OGN Tuesday

Updated: Dec 21, 2021

Today's bite sized chunks of news nuggets to put a spring in your step.


  • A restored 3,400 year old road connecting two ancient Egyptian temple complexes in Karnak and Luxor has been unveiled in a lavish ceremony aimed at raising the profile of one of Egypt’s top tourist spots. The celebratory procession to reopen the 1.7-mile (2.7km) road included a re-enactment of the ancient Opet festival, in which statues of Theban deities were paraded annually during the New Kingdom era in celebration of fertility and the flooding of the Nile.

  • Canada is releasing nearly half of its strategic stockpile of maple syrup as it faces soaring demand from a pandemic home cooking boom. The Quebec Maple Syrup Producers, a government-sponsored cartel representing 11,000 producers responsible for 73 percent of the global supply, said more than 22,000 tonnes of syrup would be released. It represents the biggest release of syrup in 13 years. Helene Normandin told National Public Radio in the US that the reserve was in place to make sure that the syrup was always available. Phew!

  • If you enjoy drinking coffee or tea you'll be pleased to hear that it's associated with a lower risk of stroke and dementia, according to a study of healthy individuals aged 50-74. Researchers at Tianjin Medical University studied 365,682 participants from the UK Biobank, who were recruited between 2006 and 2010, and followed them until 2020. People who drank 2-3 cups of coffee or 3-5 cups of tea per day, or a combination of 4-6 cups of coffee and tea had the lowest incidence of stroke or dementia. Individuals who drank 2-3 cups of coffee and 2-3 cups of tea daily had a 32 percent lower risk of stroke and a 28 percent lower risk of dementia compared with those who drank neither coffee nor tea.

  • Solar farms are proliferating on undeveloped land, often harming ecosystems (but sometimes aiding ecosystems, as per Agrivoltaics is a Brilliant Solution). But placing solar canopies on large parking lots is a blindingly obvious opportunity and offers a host of advantages - making use of land that is already cleared, producing electricity close to those who need it, and even shading cars.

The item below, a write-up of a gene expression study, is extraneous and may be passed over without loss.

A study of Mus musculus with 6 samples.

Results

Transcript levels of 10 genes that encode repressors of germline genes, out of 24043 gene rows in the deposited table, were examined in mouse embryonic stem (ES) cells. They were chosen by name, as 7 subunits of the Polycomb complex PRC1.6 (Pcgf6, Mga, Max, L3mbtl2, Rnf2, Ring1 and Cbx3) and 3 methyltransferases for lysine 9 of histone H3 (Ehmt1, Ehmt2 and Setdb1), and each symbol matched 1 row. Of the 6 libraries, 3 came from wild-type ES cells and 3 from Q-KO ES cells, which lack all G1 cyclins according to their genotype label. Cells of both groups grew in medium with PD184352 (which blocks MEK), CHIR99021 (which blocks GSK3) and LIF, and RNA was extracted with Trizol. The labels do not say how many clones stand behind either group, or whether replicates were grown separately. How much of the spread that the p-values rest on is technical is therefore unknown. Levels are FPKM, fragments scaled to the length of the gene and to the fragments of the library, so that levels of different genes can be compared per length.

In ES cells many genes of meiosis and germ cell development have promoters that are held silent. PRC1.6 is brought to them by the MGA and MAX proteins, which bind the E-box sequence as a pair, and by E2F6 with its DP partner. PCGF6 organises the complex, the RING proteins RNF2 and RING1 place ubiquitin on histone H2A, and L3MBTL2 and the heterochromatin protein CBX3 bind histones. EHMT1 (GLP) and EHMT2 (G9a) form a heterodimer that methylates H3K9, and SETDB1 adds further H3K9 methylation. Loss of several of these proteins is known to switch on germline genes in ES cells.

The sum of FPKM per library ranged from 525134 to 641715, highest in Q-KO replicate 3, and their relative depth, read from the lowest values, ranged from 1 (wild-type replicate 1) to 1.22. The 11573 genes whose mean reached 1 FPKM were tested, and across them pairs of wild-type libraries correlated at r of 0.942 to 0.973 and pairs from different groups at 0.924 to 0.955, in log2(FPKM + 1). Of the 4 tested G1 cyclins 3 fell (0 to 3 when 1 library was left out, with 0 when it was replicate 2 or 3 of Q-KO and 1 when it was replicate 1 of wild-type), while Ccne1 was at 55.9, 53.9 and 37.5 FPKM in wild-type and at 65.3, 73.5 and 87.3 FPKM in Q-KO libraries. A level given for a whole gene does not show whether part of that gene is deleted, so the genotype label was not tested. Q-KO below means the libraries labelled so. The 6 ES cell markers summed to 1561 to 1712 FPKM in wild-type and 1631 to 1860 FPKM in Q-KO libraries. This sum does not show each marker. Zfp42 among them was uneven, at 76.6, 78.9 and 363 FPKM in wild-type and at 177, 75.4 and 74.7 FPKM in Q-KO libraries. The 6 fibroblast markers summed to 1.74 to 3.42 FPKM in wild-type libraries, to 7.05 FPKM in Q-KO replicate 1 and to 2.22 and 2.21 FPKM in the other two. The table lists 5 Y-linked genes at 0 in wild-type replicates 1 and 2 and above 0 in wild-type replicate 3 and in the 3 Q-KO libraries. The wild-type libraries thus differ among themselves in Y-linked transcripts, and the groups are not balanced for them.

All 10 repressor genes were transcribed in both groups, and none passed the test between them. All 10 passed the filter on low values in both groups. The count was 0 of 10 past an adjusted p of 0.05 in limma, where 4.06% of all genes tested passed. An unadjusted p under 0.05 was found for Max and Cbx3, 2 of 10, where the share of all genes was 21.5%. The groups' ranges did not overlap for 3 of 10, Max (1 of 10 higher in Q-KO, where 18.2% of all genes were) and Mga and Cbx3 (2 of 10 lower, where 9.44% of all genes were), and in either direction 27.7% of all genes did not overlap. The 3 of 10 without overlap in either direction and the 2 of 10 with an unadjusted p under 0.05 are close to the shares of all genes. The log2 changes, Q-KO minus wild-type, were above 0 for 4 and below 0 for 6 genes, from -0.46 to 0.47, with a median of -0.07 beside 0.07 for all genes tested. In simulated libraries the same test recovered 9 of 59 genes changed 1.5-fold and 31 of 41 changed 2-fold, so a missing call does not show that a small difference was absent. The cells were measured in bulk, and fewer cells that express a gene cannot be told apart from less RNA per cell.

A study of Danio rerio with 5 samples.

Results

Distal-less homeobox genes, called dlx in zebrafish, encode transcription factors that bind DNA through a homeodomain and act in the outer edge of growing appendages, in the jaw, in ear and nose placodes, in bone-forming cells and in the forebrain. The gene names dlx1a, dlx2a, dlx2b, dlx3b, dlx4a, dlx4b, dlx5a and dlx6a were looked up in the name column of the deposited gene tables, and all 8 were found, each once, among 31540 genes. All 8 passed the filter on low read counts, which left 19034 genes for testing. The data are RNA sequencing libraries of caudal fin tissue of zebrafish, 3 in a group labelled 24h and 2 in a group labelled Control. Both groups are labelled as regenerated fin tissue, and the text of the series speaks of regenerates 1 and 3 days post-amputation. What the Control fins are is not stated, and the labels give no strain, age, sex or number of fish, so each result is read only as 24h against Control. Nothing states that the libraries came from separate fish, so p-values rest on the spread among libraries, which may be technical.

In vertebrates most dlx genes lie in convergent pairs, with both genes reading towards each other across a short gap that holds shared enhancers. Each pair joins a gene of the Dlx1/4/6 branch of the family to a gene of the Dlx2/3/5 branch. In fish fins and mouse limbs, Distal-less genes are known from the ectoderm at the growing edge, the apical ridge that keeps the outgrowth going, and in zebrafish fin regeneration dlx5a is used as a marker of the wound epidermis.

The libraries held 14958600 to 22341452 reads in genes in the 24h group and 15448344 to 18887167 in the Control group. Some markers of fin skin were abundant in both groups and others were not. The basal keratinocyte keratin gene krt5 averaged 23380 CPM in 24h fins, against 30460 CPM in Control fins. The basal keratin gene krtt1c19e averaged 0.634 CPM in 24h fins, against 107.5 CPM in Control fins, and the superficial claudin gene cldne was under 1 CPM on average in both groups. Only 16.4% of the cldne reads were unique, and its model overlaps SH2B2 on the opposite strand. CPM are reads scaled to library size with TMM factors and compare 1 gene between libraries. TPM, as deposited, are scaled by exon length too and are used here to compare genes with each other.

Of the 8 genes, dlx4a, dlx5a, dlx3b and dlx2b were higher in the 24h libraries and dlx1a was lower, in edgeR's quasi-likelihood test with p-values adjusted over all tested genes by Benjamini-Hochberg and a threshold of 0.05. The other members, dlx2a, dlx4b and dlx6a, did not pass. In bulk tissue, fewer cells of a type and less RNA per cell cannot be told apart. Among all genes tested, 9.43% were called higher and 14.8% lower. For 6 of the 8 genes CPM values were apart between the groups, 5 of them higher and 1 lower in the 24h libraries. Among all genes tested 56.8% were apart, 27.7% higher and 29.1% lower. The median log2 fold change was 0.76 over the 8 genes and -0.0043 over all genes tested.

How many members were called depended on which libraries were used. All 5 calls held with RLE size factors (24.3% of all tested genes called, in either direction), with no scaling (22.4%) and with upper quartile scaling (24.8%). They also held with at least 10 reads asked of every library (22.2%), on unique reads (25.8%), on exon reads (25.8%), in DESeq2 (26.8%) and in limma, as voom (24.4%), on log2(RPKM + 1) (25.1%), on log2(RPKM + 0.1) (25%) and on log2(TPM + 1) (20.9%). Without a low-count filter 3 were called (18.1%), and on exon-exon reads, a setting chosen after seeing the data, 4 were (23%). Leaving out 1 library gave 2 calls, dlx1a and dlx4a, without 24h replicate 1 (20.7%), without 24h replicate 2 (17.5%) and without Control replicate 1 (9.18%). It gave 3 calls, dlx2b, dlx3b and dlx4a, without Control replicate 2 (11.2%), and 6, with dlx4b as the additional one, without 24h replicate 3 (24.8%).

• Some like it hot: NASA's Parker Solar Probe has survived yet another close encounter with the Sun (its 10th) breaking two more world records in the process. The other day, the explorer came within 5.3 million miles (8.5 million km) of the Sun's surface at a speed of 363,660 mph (586,864 km/h). This makes it both the closest satellite to survive such a near pass of the Sun and the fastest-ever artificial object. The craft is in good condition, operating optimally, and will begin sending solar data on 24 December for two weeks.

  • Bans on various plastics in the UK have helped cut beach litter to its lowest level in more than 20 years, according to the Marine Conservation Society (MCS). Its 2021 Great British Beach Clean recorded an average of 385 items of litter per 100 metres, down from 425 in 2020, 558 in 2019 and 835 in 2014. “The ongoing downward trend we’re seeing in litter levels on UK beaches is a positive sign that the actions we’re taking at a personal, local and national level are working,” said Lizzie Prior of the MCS. “But we can’t sit back and relax, now is the time for even more ambitious action.”

  • Did you know? The word “clue” derives from Greek mythology and comes from the word “clew”, meaning a ball of yarn. In Greek mythology, Ariadne gives Theseus a ball of yarn to help him find his way out of the Minotaur’s labyrinth. Because of this, the word “clew” came to mean something that points the way. Appropriately enough, Theseus unravelled the yarn behind him as he went into the maze, so that he could work his way back out in reverse. Thus the word “clew” can be understood in this context and in the context of a detective working his way backwards to solve a crime using “clues”. The word gained its modern-day spelling in the 15th century, a time when spelling was rather more fluid than it is today.